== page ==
There are a lot of safety issues that can surround school zones, driving to school, and riding buses. For example, there was recently a news story about a young woman who killed three children from the same family when she went past a stopped school bus.
It can leave even the most relaxed moms feeling worried about letting their child ride the bus, even though there are laws in place to prevent against these risks. For example, police charge higher fines for speeding in school zones and going past stopped buses, but is it enough to keep kids safe while they wait for the bus or get off in the afternoon?
What about safety when your kids are actually on the bus?
The following are some things to think about if you’re trying to decide whether or not to let your child ride the bus to and from school.
Are Buses Safe?
The biggest concern we have as parents are whether or not school buses are safe. It can feel like we’re letting go of control when we let our kids ride the bus, and that’s because we are.
However, according to the National Highway Traffic Safety Administration, a school bus is the safest vehicle on the road. The NHTSA goes on to say your child is actually safer going to school on a bus than going with you by car.
There are only around four to six school-aged children who die every year on school transportation vehicles, and that amounts to less than 1% of all traffic fatalities throughout the country.
The NHTSA highlights the following reasons why buses are actually a very safe way for your child to get to and from school:
- Students are 70 times more likely to get to school safely on a bus compared to by car because of how regulated buses are. They are specifically designed to be safer than passenger vehicles, and they are designed to be very visible and have extensive safety features.
- Many safety laws surround school buses—for example, it’s illegal to pass a school bus that’s dropping off or picking up, regardless of the direction you’re approaching from.
- If there is a crash, because of the weight and design of buses, there is less crash force than what’s experienced in a passenger vehicle. Large school buses are designed so that children don’t have to wear seatbelts on them because they’re protected by seats with energy-absorbing backs that are close together.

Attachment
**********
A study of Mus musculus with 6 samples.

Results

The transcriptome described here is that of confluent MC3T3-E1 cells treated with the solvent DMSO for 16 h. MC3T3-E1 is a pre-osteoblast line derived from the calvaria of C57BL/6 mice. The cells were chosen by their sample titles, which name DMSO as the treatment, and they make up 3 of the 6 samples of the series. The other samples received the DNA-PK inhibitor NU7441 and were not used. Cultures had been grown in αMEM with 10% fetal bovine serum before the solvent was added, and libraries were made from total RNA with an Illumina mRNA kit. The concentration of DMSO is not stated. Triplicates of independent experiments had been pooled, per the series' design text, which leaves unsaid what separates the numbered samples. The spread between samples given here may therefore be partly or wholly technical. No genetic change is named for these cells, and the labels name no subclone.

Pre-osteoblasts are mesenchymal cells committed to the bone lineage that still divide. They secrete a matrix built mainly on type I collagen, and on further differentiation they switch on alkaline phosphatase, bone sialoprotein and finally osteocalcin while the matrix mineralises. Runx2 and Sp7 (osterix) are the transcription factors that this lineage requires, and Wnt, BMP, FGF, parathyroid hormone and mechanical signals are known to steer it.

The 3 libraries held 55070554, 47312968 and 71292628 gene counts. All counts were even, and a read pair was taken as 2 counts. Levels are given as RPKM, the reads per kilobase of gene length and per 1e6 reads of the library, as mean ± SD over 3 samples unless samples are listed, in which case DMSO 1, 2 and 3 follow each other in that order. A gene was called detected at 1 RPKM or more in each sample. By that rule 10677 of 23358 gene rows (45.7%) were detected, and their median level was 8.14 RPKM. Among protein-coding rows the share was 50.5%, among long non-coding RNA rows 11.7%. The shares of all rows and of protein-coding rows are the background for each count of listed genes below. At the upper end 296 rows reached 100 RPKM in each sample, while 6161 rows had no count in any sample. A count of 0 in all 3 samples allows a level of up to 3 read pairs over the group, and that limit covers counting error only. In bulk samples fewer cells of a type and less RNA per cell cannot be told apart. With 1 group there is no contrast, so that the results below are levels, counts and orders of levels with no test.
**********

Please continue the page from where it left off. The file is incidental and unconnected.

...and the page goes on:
The Benefits of Letting Your Children Ride the Bus
There are different studies showing there can actually be academic benefits of letting your child ride the bus to school.
For example, students who ride the bus during their first year of school—kindergarten—are absent less, and that’s a primary indicator of future academic success.
Letting your child ride the bus can help your family overcome some of the logistical obstacles of getting your kids off to school, and it gives you as a parent one less thing to do during your hectic mornings if you don’t have to drive your child.
Other benefits of children riding the bus are:
- There can be economic benefits because you’re saving money on things like gas.
- It reduces pollution.
- Your kids get the opportunity to experience a bit of independence on the bus and learn a sense of responsibility.
Keeping Your Child Safe at the School Bus Stop
If you are going to let your child ride the bus, your focus should be on ensuring they’re safe at the stop. You should plan to walk your child to the bus stop at least five minutes before it’s scheduled to arrive.
If your child is younger, you’re likely going to need to wait with them, and kids should always stay at least six feet away from the curb. Reinforce to your child that the school bus isn’t a place for playing or running.
Teach your child to wait until their bus comes to a complete stop, the door opens, and the driver gives them the go-ahead to get on. Children should use handrails as they get on the bus.
Your child shouldn’t ever walk behind the bus, and if your child has to walk in front of the bus for any reason, they should stay at least five very big steps in front. Children should always make eye contact with their bus driver before they cross the street, and if they drop something near the bus, they should tell their driver rather than trying to pick it up.
When it comes to school bus stop risks, some of the biggest ones include children who are in a hurry to get on or off the bus, or children who assume cars will see them and wait for them. Another big issue is not being within sight of the bus driver.
Planning for the Bus Ride
If you’ve weighed your options and decided that your child riding the bus is the right decision for your family, there are some things you need to find out ahead of time.
First, ask who will be on the bus with your child. You’ll also want to ask who the driver will be, and what the route is that the bus will take on the way to school.
Other questions include:
- What time will the bus actually arrive at school?
- Where will your child get off the bus both at school and once they arrive back home?
- How many other kids will be on the bus?
- What time does the bus leave school?
- What’s the route on the way home?
- What are the rules while children are on the bus?
- Who should you speak to if you have problems or concerns?
Whether or not to let your child ride the bus is a personal and logistical decision, and while it can seem scary, buses are actually a very safe way for kids to travel. Just ensure you go over the rules with them, and in particular, teach them about safety at the school bus stop.